I Now Regret My Recent Cricut Maker Purchase

The information below is from the Cricut Wikipedia site, and since I copied this, the text has been modified several times. There is a petition where you can voice your objection here, and a second petition here.

“On March 12, 2021, Cricut released a statement on their blog post that states the company, moving forward, will limit users to uploading only 20 images a month to Design Space for free; any past that would require a subscription (starting at $9.99/mo, at the time of writing). Due to Cricut machines only being able to accept images from the cloud service, and not directly from a user’s personal computer, this change would force Cricut purchasers into a subscription service in order to continue using their machines past an extremely basic level. This has caused an uproar within the crafting community, with many users claiming deceptive advertising practices and unfair business practices, and discussing potential litigation/other actions against the company.

A listing on Amazon for the Cricut Maker shows the company specifically advertised “You can always upload and use your own images and fonts for free…”, and the company has a prior post on their Facebook page stating “Creative freedom should be free. Cricut Design Space is free to use for all file types. There is no subscription required to cut your own images. Upload and cut your .svg, .dxf, .bmp, .jpg, .png, and .gif files absolutely free.

I only just recently bought the Cricut Maker for the rotary blade, but I’ve had it a few weeks too long to be able to return it. I waffled over the decision to purchase it because of their software limitations which were already draconian enough, but decided I could live with them as I can still use other software to do my designs in, and simply use Cricut’s Design Space to cut with. Well so much for that! 20 Design uploads per month unless I want to pay has quite ticked me off. I bought the machine, I create my own designs, why should I have to pay them in order to simply cut my designs?

That would be like HP charging me for every page I print on the printer I bought from them, on top of the paper and ink supplies.

Here is a copy of the email I sent to support@cricut.com:

To whom it may concern:

Your community of Cricut users are deeply upset at the announcement of your shockingly anti-consumer policy of limiting DesignSpace uploads for users who do not subscribe to Cricut Access. Your customers purchased [not inexpensive] Cricut machines with the explicit understanding that while they could subscribe to Access, they did not have to. This policy update fundamentally changes the functionality that one can get from their Cricut machine unless they decide to take on a monthly subscription after your users have already purchased their Cricut machines under the previous policy. This is akin to a slap in the face to the customers that have bought into the Cricut ecosystem, Access subscribers or otherwise. Frankly, it also irrevocably damages the trust Cricut users used to have in the Cricut brand and platform. Limiting cloud uploads would be one thing, but by limiting local uploads as well, you are artificially handicapping your product after the fact simply because you’ve decided that you would like to exploit your past customers for yet more revenue.

But you don’t even need to worry about damaging trust and/or hurting your customers’ feelings—conducting business this way will make each and every up-to-now loyal Cricut user think twice before spending money on additional or new Cricut machines now that they know the terms of using said machines can be fundamentally changed at any time.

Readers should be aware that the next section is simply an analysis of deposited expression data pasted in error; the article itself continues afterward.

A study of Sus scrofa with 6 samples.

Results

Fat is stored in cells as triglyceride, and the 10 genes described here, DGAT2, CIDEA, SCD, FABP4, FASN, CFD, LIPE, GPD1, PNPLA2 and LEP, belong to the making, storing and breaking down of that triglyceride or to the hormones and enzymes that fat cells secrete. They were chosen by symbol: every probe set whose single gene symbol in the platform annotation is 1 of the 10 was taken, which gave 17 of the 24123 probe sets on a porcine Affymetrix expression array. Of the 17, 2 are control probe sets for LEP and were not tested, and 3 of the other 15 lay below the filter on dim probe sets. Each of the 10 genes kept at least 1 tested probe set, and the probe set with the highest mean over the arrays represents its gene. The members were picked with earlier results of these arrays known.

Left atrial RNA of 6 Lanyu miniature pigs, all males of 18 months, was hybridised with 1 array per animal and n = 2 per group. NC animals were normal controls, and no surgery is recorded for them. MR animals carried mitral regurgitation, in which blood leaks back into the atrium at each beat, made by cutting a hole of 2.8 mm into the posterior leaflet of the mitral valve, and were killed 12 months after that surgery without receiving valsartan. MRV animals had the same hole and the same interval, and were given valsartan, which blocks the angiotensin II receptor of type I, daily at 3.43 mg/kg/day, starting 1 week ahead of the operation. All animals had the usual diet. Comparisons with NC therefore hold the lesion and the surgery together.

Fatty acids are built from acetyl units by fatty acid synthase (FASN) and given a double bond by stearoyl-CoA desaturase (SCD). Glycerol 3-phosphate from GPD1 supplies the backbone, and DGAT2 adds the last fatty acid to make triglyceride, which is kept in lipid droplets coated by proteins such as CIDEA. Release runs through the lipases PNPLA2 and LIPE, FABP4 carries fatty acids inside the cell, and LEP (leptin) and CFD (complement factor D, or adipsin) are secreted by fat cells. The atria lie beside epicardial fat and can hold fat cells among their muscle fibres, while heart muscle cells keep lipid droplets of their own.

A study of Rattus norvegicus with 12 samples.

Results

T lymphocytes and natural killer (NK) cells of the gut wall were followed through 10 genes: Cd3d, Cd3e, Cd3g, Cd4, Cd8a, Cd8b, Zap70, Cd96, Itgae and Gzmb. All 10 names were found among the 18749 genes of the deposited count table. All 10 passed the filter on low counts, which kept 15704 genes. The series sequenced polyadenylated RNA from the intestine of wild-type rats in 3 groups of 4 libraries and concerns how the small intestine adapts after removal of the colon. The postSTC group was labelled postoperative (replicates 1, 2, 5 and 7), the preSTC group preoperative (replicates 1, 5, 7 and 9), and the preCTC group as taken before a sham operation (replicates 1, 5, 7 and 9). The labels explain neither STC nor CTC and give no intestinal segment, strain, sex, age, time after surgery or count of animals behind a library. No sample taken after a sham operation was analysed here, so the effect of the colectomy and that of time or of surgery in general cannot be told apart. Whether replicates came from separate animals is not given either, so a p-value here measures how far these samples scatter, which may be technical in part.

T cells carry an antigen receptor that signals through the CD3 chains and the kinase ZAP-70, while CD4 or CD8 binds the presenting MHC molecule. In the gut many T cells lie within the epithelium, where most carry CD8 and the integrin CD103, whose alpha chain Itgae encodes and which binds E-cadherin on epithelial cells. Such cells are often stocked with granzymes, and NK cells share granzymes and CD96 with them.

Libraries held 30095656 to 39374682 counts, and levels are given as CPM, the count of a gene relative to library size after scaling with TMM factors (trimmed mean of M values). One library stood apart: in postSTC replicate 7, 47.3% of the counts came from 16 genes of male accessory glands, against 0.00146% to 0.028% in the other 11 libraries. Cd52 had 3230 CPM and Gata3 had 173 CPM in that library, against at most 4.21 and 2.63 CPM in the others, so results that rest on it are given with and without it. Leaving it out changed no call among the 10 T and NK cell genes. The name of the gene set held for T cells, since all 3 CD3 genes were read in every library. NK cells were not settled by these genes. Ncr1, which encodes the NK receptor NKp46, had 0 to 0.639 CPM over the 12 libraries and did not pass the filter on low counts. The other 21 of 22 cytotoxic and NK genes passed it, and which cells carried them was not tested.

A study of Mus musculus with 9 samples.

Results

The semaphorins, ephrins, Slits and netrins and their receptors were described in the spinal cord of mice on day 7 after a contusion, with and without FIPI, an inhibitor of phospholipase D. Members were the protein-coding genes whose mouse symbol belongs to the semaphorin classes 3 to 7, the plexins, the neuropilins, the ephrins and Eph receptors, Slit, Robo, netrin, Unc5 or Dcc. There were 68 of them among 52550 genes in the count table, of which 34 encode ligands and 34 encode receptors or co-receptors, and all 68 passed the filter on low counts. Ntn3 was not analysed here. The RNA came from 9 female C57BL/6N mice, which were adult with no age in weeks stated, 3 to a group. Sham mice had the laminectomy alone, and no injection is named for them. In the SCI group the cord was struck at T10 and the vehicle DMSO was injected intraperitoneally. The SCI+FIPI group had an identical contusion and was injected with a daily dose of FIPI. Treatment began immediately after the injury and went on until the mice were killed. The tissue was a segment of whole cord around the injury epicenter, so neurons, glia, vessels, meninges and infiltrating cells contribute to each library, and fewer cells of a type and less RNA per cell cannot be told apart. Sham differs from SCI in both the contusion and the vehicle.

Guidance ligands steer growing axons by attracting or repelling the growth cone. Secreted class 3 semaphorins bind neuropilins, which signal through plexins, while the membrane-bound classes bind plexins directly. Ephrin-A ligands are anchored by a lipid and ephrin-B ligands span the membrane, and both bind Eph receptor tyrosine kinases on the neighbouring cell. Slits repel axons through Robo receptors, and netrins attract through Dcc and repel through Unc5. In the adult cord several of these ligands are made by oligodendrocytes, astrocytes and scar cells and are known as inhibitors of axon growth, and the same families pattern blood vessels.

We urge you to reconsider.


CJ Tinkle


This Post Has 8 Comments

  1. Lani

    Wow! I can’t see how that can be legal??

    1. tinksquared

      I don’t either. I get how anyone buying a machine now would be told that up front and then simply make a choice, but this is outrageous for existing customers. I specifically asked if Design Space was free to use along with the ability to upload my own .svg files, as 1) I would never buy it with a monthly fee and 2) I have no interest in their designs.

  2. Patty

    I had a cricut expression years ago while I was teaching high school – I primarily used it for making displays for my classroom. The company lost me due to the exorbitant cost of the cartridges and when they started going after people selling things made from their cartridges (small scale sales – like at local craft shows). I moved to Silhouette and couldn’t be happier. The free version of their software works well, and the paid version is reasonably (to me at least) priced and has great additional features. I also like that I can buy (much) cheaper cb09 blades and they work fantastic in my machine (there is some trial and error until you find the sweet spot).

    1. tinksquared

      I think Silhouette does a great job with their business model and I love both their software and my Cameo 3, but I really wanted a rotary blade and the Cricut Maker just seemed to have a better design for that purpose. So frustrated! Glad I kept my Cameo!

  3. montanaclarks

    I purchased a new Cricut last summer. I’ve used it very little, now I’m ready to sell the dang thing if that’s even possible!

    1. tinksquared

      Yes, it’s very frustrating. Maybe there will be enough protesting that they will change their minds. Unlikely, but one can always hope. It is so unethical of them to take this approach with existing customers.

  4. Donna Rowe

    On the Cricuit blog today, they heard our voices. Those who have an account registered before the end of this year will continue to have unlimited upload for the life of their machine!

Your feedback is always welcome! If you have a question, I will respond to it here.